Rare gray wolf from Oregon travels 'significant distance,' south into Central California

A rare gray wolf being tracked by California and Oregon animal officials is moving into unchartered territory for GPS-collared wolves that have preceded him.

A young gray wolf from Oregon has been tracked farther south in California than any previous wolf equipped with a GPS collar, state fish and wildlife said on March 22, 2021. (California Department of Fish and Wildlife)

The young male wolf, known as OR-93 was born in Oregon. The latest reading showed that he had made his way farther south, down to central Fresno County. That’s the farthest any previous wolf equipped with a GPS collar has traveled, the California Department of Fish and Wildlife (CDFW) said.

The wolf was a part of Oregon's White River pack, located southeast of Mt. Hood. He was fitted with a tracking collar by the U.S. Fish and Wildlife Service and Confederated Tribes of Warm Springs in June 2002, according to CDFW officials.

"Like many young wolves, he subsequently left his pack in search of a new territory and/or a mate," the department said in a press release on Monday.

Fish and wildlife officials said OR-93 has traversed "a significant distance" since he was located in Modoc County in early February. The past few weeks, the wolf was tracked moving through Mono County in the Eastern Sierra region, through parts of Tuolumne, Mariposa, Merced and Madera counties, before being located in Fresno County.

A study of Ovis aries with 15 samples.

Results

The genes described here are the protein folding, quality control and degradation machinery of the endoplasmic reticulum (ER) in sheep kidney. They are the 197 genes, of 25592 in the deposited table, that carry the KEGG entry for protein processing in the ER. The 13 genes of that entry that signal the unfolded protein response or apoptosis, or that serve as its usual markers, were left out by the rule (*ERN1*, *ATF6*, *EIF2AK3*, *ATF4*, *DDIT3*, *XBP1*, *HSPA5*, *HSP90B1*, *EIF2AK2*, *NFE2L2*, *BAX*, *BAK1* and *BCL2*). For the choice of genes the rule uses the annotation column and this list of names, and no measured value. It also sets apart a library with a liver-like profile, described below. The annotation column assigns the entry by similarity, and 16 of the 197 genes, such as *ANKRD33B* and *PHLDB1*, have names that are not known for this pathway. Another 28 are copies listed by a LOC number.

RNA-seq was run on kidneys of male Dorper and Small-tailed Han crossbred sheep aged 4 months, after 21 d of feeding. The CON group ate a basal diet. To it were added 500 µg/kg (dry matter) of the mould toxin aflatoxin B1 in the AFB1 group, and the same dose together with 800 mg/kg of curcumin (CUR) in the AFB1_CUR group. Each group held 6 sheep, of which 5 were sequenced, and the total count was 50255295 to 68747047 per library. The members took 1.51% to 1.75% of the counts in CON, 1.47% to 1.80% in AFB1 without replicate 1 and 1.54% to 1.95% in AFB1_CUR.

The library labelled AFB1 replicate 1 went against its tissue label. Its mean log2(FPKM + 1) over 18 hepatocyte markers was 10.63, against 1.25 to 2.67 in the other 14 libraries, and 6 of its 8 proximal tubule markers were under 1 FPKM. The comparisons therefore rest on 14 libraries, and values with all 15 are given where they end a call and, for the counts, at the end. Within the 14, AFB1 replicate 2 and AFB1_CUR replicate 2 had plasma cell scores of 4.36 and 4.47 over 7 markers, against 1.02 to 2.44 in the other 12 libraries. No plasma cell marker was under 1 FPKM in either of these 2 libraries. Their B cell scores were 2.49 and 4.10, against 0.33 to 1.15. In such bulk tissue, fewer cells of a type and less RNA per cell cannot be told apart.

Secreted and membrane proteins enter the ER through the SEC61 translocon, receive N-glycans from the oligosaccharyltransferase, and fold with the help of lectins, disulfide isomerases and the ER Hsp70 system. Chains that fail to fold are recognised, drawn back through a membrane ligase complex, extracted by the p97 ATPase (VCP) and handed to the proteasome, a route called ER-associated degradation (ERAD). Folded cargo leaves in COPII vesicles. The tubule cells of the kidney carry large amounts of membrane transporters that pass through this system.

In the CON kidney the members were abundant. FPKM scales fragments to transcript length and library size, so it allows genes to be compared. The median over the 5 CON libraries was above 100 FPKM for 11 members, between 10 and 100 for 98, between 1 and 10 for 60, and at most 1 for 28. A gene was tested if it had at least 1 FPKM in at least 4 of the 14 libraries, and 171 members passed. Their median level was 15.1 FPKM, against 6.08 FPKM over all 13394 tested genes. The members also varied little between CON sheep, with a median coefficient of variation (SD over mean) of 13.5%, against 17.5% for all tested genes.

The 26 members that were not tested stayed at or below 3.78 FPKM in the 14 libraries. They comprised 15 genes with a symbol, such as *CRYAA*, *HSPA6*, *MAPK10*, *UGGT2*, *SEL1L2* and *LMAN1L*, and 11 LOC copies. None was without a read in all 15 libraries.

Officials also noted that the animals pose very little safety risk to humans. 

"Though gray wolves are generally much bigger than coyotes, they can sometimes be misidentified," the department said, noting that OR-93 can be identified by his purple collar around his neck.

Gray wolves were eradicated in California early in the last century due to their perceived threat to livestock. It wasn’t until 2011, they were confirmed to have returned to the state when a wolf from Oregon crossed into California.

"CDFW is working to monitor and conserve California’s small wolf population and is collaborating with livestock producers and diverse stakeholders to minimize wolf-livestock conflicts," the department said. 

Fish and wildlife said the department will continue to monitor the whereabouts of OR-93, working in cooperation with its counterpart in Oregon.

You can find more information about California’s gray wolf management program on the CDFW’s wolf webpage here.

The Associated Press contributed to this story, which was reported from Oakland, Calif.